Putting your money where your values are is not a new strategy.
The Rev. Martin Luther King Jr.
In 1968, the Rev. Martin Luther King Jr. deployed strategic use of business ethics to advance civil rights. In doing so, he followed some of what his namesake, Martin Luther, advocated centuries before. More on this below.
For Christians, it all starts with Jesus, who admonished:
“Do not store up for yourselves treasures on earth, where moths and vermin destroy, and where thieves break in and steal. But store up for yourselves treasures in heaven, where moths and vermin do not destroy, and where thieves do not break in and steal. For where your treasure is, there your heart will be also.”— Matthew 6:19-21
Today, Christians have clear choices when it comes to investing money. Biblically Responsible Investing (BRI) is all about placing our worldly treasure – our money – in companies that do not engage in or support ungodly activities.
Putting “money where it advances our faith”
“Christians in America have been blessed beyond measure to be living in a self-governing, prosperous nation in which we’re free to worship according to our conscience and to practice our faith,” writes Timothy Plan founder Art Ally in his book “Invested with Purpose: The Birth of the Biblically Responsible Investment Movement.”
“It’s not unreasonable to allocate our resources, including our time and finances, in ways that bring glory to God and encourage Biblical values in our culture. Put simply, we need to put our money where it advances our faith. In God’s economy, we must consider not only investments that bring a healthy return but what our money is actually doing.”
In 1524, Christian reformer Martin Luther excoriated businessmen who left out ethics: “The merchants have a common rule….I shall sell my wares as dear as I can…But it means making room for greed and opening the door and window of hell…so long as I have my profit and satisfy my greed, of what concern is it to me if it injures my neighbor in ten ways at once? So you see how this motto goes so straight and shamelessly against not only Christian love but also natural law as well.”
In a sermon about the proper uses of money, John Wesley (1703-1791), the founder of the Methodist movement, said this:
“I, We ought to gain all we can gain but this it is certain we ought not do; we ought not to gain money at the expense of life, nor at the expense of our health.”— John Wesley
Wesley urged his followers to avoid investing in alcohol, tobacco, weapons or gambling. Before the United States became an independent nation, English-born New Jersey tailor John Woolman (1729-1772) refused to buy any cotton or dye handled by slaves.
In 1759, Woolman persuaded the Quakers in Philadelphia to pass the first resolution in the colonies prohibiting participation in any aspect of the slave trade, presaging the Abolitionist Movement that led to the Civil War (1861-1865).
MLK: “We don’t need any bricks or bottles.”
Fast forward to the 20th century. On April 3, 1968, the day before he was assassinated in Memphis, Tennessee, Martin Luther King spoke about the power of money as a force for good during a speech supporting striking sanitation employees whom he felt had been unfairly treated:
“We don’t have to curse and go around acting bad with our words. We don’t need any bricks and bottles, we don’t need any Molotov cocktails, we just need to go around to these stores, and to these massive industries in our country, and say, ‘God sent us by here, to say to you that you’re not treating his children right. And we’ve come by here to ask you to make the first item on your agenda fair treatment, where God’s children are concerned. Now, if you are not prepared to do that, we do have an agenda that we must follow. And our agenda calls for withdrawing economic support from you.”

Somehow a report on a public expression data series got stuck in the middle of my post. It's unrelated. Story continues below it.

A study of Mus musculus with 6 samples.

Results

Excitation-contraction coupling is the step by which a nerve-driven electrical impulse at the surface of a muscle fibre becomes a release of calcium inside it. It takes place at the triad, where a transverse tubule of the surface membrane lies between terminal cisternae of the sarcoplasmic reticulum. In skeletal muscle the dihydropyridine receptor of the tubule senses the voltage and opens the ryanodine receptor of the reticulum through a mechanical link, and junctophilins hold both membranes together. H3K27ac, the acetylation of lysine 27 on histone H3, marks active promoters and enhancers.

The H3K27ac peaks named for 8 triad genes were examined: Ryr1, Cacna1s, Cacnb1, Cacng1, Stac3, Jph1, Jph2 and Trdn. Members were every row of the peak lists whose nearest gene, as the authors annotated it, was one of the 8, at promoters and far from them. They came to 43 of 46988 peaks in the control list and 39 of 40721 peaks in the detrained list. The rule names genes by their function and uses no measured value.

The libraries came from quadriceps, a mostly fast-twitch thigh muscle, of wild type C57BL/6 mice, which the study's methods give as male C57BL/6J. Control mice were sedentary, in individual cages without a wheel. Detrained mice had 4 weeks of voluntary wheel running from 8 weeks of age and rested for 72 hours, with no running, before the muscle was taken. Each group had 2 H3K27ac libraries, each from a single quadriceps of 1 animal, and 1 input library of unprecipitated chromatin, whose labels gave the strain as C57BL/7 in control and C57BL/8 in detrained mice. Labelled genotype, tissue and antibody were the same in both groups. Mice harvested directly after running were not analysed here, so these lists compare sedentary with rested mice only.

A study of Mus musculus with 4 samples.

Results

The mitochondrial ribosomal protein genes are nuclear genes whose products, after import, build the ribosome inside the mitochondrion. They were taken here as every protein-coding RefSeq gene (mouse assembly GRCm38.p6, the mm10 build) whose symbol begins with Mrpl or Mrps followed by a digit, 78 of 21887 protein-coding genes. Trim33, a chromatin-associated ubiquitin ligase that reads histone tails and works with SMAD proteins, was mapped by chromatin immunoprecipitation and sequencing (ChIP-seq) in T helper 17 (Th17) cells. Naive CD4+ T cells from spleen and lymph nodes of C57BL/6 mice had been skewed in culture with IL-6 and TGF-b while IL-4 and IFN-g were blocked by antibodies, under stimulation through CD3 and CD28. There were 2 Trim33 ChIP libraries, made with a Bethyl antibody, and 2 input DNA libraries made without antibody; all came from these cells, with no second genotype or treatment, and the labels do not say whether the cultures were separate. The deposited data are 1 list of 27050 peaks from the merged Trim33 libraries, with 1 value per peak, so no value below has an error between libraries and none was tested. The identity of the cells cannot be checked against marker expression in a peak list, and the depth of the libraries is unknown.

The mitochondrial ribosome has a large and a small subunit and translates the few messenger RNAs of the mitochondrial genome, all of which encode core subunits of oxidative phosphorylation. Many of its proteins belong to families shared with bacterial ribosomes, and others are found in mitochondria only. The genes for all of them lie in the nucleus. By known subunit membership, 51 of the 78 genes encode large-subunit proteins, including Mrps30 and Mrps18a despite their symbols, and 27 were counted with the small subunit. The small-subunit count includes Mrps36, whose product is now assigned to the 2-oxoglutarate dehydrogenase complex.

After naming several major firms that sold consumer goods, he said, “We are choosing these companies because they haven’t been fair in their hiring policies; and we are choosing them because they can begin the process of saying, they are going to support the needs and the rights of these men who are on strike.”
Using our money wisely and morally
Likewise, Biblically Responsible Investing as pioneered by the Timothy Plan in 1994 means investing wisely and morally only in companies that pass several filters: life, stewardship, purity, longevity, family and sobriety. This means skipping firms that profit or promote abortion, pornography, anti-family entertainment, gambling, alcohol, tobacco and unfair labor practices.
“Nearly $24 trillion is invested in U.S.-registered mutual funds, and a large portion of that is held by Christians,” Ally said. “Timothy Plan now has approximately $2 billion in assets managed, with 12 mutual funds and six exchange-traded funds, all of which are filtered for Biblical fidelity.”
“Many activist movements represent a tiny fraction of the population. With less than 1% of our population effecting change within our nation, imagine the possible impact of Christians investing with purpose beyond monetary return,” he said.
“We could change the world.”
A writer for Timothy Partners, Ltd. He is a regular weekly columnist for The Washington Times and Townhall.com and is frequently published by AmericanThinker.com, DailyCaller.com, OneNewsNow.com, and others. He has authored the following books: “A Strong Constitution: What Would America Look Like If We Followed the Law” (D. James Kennedy Ministries, 2018), Invested with Purpose: The Birth of the Biblically-Responsible Investment Movement, and A Nation Worth Fighting For: 10 Steps to Restore Freedom.